Project Lead(s): Jess McQuail
BasicNeeds’ unique approach works with existing health and community systems, and staff to provide community based mental health treatment through outreach clinics, mental health camps and regular check-ups. However, treatment alone is not enough for sustained improvements to mental health, which is why the Model also increases an individual’s access to emotional and practical support through self-help groups, improves their capacity to find meaningful occupation and employment, and ultimately works to changes health systems and policy for the better.
Through the implementation of its Model across 12 countries, BasicNeeds has presented strong evidence that its approach generates sustainable impact. It has enabled 86% of people with mental health problems in the communities they serve to access treatment (compared to 49% baseline), of which 73% reported reduced symptoms. The positive outcomes of reported reduced symptoms are underpinned by a reduction in mortality. Over the last 14 years, the lives of more than 600,000 beneficiaries have been improved. While this is a sizable number, it is only a drop in the ocean, when we consider the vast treatment gap.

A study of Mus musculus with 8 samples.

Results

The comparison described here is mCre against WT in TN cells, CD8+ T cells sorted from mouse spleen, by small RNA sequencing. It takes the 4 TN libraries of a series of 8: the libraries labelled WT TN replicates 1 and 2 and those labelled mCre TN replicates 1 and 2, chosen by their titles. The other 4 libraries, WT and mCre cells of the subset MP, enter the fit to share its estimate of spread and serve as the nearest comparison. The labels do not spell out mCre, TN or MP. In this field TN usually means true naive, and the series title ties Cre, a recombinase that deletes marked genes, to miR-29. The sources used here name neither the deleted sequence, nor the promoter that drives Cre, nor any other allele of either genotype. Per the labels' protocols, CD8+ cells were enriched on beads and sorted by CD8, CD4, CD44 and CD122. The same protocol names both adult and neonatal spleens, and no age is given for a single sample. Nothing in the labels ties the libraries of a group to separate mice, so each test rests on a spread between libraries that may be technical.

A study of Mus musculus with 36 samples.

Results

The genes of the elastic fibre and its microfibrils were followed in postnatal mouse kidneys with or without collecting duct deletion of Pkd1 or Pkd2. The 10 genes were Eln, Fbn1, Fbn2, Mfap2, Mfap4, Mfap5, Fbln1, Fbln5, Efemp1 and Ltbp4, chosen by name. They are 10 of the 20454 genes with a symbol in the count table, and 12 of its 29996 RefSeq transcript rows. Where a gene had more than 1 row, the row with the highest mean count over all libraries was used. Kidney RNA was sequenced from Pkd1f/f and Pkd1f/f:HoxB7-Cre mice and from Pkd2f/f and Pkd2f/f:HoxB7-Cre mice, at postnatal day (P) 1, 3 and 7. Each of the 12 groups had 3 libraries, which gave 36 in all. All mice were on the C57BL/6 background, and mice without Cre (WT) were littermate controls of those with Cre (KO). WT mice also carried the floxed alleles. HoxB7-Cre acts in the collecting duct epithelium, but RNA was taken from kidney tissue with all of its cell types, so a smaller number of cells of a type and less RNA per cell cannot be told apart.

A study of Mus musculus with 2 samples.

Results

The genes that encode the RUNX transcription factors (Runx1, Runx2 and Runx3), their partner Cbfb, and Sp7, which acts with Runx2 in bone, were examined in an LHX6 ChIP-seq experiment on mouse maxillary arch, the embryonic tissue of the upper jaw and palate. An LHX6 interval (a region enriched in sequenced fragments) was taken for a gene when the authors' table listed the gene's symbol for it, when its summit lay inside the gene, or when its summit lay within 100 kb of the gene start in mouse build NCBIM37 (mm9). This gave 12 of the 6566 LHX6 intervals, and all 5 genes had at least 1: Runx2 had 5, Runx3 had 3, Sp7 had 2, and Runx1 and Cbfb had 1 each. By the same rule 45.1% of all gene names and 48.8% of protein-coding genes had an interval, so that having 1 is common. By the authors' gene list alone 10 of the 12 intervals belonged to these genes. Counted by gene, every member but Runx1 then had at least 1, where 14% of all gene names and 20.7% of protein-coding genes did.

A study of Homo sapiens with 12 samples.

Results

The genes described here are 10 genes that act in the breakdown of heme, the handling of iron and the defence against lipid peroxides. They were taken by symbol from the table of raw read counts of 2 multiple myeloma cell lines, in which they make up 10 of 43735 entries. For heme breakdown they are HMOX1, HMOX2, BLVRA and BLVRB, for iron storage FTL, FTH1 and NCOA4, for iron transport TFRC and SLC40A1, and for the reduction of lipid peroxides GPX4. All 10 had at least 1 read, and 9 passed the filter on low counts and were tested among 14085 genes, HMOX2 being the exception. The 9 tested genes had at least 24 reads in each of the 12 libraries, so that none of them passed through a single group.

The new investment announced will enable organisations in Ghana, Kenya and Nigeria to deliver the BasicNeeds Model for Mental Health and Development themselves, under a social franchise agreement, with ongoing training and assistance from BasicNeeds International. Empowering and supporting in-country organisations to take on the independent delivery of the BasicNeeds Model will expand its reach in a sustainable and cost effective manner, whilst ensuring that quality remains central to the delivery and BasicNeeds brand. Over 3 years the funding is projected to help 10,000 people.
Simultaneously, BasicNeeds Ghana will initiate scale-up through the direct implementation of the Model in new regions in Ghana. To support this process, researchers at the University of Ghana will be rigorously testing the Model’s cost utility as compared to standard approaches to mental health treatment provided by the Ghana public health system. This will involve measuring costs against economic welfare, functional capacity and Quality Adjusted Life Years gained.
Grand Challenges Canada is investing $1 million CAD, bringing the total funding to $2 million CAD from investments made by the UK’s Department for International Development (DFID), the Skoll Foundation, Caritas Nyeri, the Ministry of Health in Osogbo Osun State, Nigeria, and the Kenyan and Ghanaian governments.
To read the full news release, visit our News page.